Whether you want to learn how to sail or rent a privately crewed yacht, the British Virgin Islands offers endless opportunities for seafaring adventures. Explore coral gardens on a daytrip, island-hop via water taxi, or simply kick back on deck and sunbathe.

By Travel & Leisure
June 10, 2015

Surrounded by water nearly everywhere you look, the British Virgin Islands is regarded as the sailing capital of the Caribbean for its steady trade winds and peaceful beaches. The four main islands of Tortola, Virgin Gorda, Jost Van Dyke, and Anegada, are part of the 60 islands and cays to explore, many of which are only accessible by sea, as well as more than 200 mooring buoys for daytime use and 100 dive sites.

With ports of entry for all vessels on Tortola, Jost Van Dyke, and Virgin Gorda, sailing is a way of life in the BVI, which means marine supplies and services are readily available, from the basics to the fine details. With marinas available throughout the BVI, you’ll also find active yacht clubs, like the Bitter End and YCCS on Virgin Gorda and the Royal BVI and West End on Tortola, along with marinas that can accommodate yachts measuring up to 200 feet.

Even if you’re new to sailing, there are plenty of privately crewed yachts, local captains for hire, and bareboat charters available, as well as hands-on classes in sailing and diving certification courses. Likewise, anglers will find boats and equipment rentals for fishing excursions (tip: fishing permits are required for nonresidents). You can also island-hop with ferries and water taxis, or take snorkeling and scuba-diving tours.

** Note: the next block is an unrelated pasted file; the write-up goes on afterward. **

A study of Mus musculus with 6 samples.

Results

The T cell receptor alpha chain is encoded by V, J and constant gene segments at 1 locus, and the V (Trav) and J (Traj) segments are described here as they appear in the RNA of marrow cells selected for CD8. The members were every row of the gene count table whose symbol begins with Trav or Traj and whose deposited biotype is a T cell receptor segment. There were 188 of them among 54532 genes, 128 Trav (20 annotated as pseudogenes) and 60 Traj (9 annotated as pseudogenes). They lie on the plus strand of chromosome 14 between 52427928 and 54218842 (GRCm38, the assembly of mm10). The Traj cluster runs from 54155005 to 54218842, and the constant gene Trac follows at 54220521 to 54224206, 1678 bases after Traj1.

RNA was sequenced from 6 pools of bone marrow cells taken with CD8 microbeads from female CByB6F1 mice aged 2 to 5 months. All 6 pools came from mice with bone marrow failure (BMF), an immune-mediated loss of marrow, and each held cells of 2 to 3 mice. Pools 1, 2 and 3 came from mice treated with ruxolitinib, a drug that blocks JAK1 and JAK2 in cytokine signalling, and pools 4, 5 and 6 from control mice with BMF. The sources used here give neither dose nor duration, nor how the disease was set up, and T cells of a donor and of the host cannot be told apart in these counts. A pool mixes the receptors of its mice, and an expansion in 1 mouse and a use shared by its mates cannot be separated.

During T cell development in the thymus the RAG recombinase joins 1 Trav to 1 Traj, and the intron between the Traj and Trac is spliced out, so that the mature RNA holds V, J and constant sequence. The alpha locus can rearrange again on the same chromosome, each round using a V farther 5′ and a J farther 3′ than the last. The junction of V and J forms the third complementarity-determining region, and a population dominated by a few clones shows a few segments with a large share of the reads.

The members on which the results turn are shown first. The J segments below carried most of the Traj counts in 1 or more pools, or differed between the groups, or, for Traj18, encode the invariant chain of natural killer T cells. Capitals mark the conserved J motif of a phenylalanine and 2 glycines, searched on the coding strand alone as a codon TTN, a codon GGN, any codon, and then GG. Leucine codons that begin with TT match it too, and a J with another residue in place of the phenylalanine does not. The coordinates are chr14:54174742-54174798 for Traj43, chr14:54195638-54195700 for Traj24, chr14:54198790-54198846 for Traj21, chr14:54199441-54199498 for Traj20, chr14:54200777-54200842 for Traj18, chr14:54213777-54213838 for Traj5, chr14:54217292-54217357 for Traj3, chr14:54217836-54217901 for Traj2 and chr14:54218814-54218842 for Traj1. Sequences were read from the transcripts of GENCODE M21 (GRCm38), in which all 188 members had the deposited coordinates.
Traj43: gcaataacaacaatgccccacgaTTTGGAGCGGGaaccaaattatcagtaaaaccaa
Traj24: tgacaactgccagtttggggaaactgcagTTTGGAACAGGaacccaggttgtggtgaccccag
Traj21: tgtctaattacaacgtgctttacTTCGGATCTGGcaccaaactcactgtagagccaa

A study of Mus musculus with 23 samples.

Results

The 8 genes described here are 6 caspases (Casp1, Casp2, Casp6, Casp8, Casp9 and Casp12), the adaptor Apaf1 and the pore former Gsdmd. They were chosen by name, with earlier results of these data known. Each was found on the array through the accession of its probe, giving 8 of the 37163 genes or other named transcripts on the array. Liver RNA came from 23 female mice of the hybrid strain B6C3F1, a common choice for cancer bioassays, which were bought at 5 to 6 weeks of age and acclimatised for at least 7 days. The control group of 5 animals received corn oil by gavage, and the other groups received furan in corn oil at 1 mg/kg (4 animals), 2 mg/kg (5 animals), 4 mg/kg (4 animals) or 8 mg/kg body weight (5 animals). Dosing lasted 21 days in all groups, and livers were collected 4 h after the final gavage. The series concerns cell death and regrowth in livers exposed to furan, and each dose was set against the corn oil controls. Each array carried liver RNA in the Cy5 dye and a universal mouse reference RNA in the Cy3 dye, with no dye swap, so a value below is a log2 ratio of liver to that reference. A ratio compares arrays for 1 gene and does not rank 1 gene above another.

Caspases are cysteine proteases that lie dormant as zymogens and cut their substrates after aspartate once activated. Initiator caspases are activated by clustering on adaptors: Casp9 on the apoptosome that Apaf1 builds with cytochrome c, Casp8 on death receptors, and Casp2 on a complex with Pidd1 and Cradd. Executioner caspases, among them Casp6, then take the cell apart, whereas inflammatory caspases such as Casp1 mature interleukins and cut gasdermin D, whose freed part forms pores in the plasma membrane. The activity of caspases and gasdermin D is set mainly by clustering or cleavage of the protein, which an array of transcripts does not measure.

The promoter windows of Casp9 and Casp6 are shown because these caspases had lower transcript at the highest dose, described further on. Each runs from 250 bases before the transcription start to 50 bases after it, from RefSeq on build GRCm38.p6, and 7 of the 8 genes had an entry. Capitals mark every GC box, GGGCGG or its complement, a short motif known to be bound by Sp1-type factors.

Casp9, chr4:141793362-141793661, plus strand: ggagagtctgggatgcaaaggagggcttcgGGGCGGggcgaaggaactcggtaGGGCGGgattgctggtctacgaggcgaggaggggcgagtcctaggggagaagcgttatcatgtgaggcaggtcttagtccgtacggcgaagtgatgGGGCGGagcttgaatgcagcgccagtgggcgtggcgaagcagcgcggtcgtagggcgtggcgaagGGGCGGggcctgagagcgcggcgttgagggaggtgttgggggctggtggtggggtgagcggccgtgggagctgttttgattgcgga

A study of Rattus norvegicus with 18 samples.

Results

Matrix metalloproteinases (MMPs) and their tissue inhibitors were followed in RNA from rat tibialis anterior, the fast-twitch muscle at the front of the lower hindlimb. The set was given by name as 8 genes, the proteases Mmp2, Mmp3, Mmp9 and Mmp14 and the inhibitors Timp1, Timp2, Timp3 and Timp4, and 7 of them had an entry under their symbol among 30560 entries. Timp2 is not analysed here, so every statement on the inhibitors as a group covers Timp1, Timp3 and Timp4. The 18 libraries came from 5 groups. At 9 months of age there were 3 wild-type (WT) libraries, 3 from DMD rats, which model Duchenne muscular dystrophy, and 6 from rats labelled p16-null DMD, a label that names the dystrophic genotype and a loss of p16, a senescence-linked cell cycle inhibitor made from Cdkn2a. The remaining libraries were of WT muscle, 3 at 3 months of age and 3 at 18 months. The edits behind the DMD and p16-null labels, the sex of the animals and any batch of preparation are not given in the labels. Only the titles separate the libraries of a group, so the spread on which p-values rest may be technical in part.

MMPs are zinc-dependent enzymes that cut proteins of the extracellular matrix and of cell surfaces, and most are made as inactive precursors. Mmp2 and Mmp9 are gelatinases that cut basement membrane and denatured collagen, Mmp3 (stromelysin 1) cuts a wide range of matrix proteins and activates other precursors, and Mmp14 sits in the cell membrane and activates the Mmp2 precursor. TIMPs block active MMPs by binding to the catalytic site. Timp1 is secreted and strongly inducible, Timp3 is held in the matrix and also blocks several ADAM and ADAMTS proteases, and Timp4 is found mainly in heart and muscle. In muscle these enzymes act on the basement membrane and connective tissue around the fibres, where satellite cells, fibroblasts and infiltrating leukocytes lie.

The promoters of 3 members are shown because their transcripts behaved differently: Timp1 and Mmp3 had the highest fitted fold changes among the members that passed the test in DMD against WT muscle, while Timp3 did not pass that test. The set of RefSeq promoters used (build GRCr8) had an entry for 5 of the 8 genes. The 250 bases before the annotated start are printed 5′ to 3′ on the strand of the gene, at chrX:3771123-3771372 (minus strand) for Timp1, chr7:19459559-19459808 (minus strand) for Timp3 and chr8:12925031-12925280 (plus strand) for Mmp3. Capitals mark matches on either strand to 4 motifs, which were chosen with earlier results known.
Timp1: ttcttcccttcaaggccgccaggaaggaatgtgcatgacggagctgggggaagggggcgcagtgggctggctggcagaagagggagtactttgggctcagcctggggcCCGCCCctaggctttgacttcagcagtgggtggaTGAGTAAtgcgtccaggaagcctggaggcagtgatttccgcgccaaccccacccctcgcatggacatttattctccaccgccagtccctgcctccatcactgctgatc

Perhaps one of the most iconic sailing destinations is The Baths on Virgin Gorda with its mysterious pools and grottos formed by massive granite boulders. Located in between Tortola and Jost Van Dyke, the small, uninhabited island of Sandy Cay is another scenic spot for hiking and snorkeling. For divers, the Wreck of the Rhone is recognized as the best dive site in the Caribbean. Marking the spot where a British mail ship sunk in 1867, it’s also the first and only Marine National Park in the BVI.

One of the best parts about sailing is its competitive edge and the BVI celebrates this spirit with year-around events including the BVI Spring Regatta & Sailing Festival (March 30-April 5). The renowned Oyster fleet returns for the Oyster Regatta BVI (April 13-18), which starts in Tortola and ends with a grand party at the YCCS clubhouse, and during the Wooden Boat Regatta (May 23-24), old-time vessels face off. The Virgin’s Cup (October 17) brings out the best female racers and the annual Pro-Am Regatta (October 24-31) features Olympic medalists, America’s Cup winners, and other champions.

In the BVI, beach culture extends well beyond boating and sailing with plenty of places to kayak, kiteboard, windsurf, standup paddleboard, and even swim with dolphins. Tortola also has a surf season lasting from November to March with popular breaks in Apple Bay, Cane Garden Bay, and Josiah’s Bay.

Dive in to discover more of the BVI’s exhilarating adventures and seafaring events at bvitourism.com.